WeWork Companies Inc. operates as an office-space leasing company that offers flexible workspaces worldwide. The company—founded in 2010—enters into long-term lease agreements, renovates and furnishes its properties, and provides flexible lease options to tenants on a short-term basis.
WeWork's flexible workspaces include dedicated desks in shared offices spaces, standard offices, office suites with private amenities, and full-floor offices.
WeWork's workspaces are used by businesses and organizations of various sizes, from freelancers and small startups to Fortune 500 companies. WeWork operates in more than 700 locations globally in 150 cities and 38 countries.
WeWork's main rivals include Switzerland-based International Workplace Group (IWG.L), Servcorp Ltd based out of Australia, and Industrious—based out of New York City.
- WeWork provides flexible workspace solutions, including traditional offices, shared workspaces, office suites with private amenities.
- WeWork's workspaces are used by businesses and organizations, from freelancers and small startups to Fortune 500 companies.
- WeWork operates in more than 700 locations globally in 150 cities and 38 countries.
- WeWork began trading on the New York Stock Exchange (NYSE) under the ticker symbol "WE" on October 21, 2021.
WeWork Begins Trading on the NYSE
WeWork began trading on the New York Stock Exchange (NYSE) under the ticker symbol "WE" on October 21, 2021. The new publicly-traded company is the result of the merger between WeWork and BowX Acquisition Corporation, which closed on October 20, 2021.
The combined company provided WeWork with gross cash proceeds of approximately $1.3 billion prior to expenses. CEO Sandeep Mathrani and Executive Chairman Marcelo Claure will continue to lead the company.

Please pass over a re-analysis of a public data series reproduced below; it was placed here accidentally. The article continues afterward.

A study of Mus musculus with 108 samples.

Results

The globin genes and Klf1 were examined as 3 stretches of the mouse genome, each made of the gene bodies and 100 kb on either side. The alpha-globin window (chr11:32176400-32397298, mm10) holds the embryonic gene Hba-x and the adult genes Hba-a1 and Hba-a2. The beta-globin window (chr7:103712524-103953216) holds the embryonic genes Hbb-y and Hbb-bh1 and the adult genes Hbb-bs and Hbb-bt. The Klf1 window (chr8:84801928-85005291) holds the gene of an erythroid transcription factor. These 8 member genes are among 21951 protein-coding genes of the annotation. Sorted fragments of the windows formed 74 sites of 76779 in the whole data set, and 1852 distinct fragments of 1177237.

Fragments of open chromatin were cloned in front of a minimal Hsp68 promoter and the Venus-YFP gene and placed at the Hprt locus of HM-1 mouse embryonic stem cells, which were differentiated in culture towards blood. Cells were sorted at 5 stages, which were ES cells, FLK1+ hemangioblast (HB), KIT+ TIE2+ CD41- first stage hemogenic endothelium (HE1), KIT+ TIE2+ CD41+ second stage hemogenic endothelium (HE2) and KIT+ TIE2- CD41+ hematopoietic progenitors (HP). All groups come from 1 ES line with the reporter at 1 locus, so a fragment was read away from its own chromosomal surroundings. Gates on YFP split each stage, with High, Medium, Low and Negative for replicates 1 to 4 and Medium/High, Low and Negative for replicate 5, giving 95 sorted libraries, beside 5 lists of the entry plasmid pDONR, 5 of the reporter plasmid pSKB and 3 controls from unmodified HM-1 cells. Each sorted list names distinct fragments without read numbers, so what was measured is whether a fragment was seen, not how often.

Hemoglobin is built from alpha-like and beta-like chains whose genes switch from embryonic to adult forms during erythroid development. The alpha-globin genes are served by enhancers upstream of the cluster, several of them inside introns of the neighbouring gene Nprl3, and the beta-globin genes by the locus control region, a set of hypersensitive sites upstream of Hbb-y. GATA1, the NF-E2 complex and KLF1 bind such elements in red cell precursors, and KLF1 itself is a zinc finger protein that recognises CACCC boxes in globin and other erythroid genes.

CEO Sandeep Mathrani stated, "Today is a testament to the determination of our company to not only transform our business but also to adapt and deliver the options that today's workforce demands. As companies around the world reimagine their workplace, WeWork is uniquely positioned to offer the space and services that can power solutions built around flexibility."
WeWork's Financial Performance
WeWork generated $661 million in revenue in Q3 2021—an 11% increase compared to $593 million in the prior quarter. The company posted an adjusted EBITDA (or earnings before interest, taxes, depreciation, and amortization) loss of $356 million for the third quarter, which was $93 million higher than Q2 2021.
WeWork has a real estate portfolio of 764 locations in 38 countries, with approximately 932,000 workstations as of September 30, 2021. The company boasts 546,000 physical memberships with gross desk sales of 155,000 in Q3 2021, representing 9.3 million square feet sold. New desk sales were 84,000 for the quarter.
WeWork's occupancy rate is a key metric used to show the level of demand and to what extent the company's workspaces are being leased and utilized by clients. Physical occupancy increased to 56%, up from 50% in Q2 2021. However, the Q3 result was down slightly from the 58% occupancy rate reported for June 1, 2020. The decrease in the occupancy rate was primarily driven by the impacts of the coronavirus pandemic.
WeWork has yet to become a profitable business. Investor concerns about WeWork's losses and financial strength led to the ousting of co-founder Adam Neumann as chief executive officer (CEO). Since then, the company has refocused on its core business and hired real-estate-industry veteran Sandeep Mathrani as the new CEO.
WeWork's Business Segments
WeWork has increased its share of the overall market for office leasing versus traditional commercial office leasing. The company boasts that its real estate only accounts for half of 1% of the U.S. office inventory, yet its sales represented more than 9% of U.S. office leasing activity for Q3 2021.
WeWork's Q3 segment sales in Manhattan account for nearly 1% of total office space stock but represented 20% of the traditional office market take-up. Take-up is a metric used to gauge leasing activity over a period, representing the amount of space that's been occupied. The company's take-up in Boston was 23% in Q3 2021, representing 2% of the city's office stock.
WeWork posted similar results in international markets. According to the company, WeWork's gross sales represented 37% of London's traditional office take-up and in Paris—represented 13%, while only accounting for nearly 1% of the stock in those markets.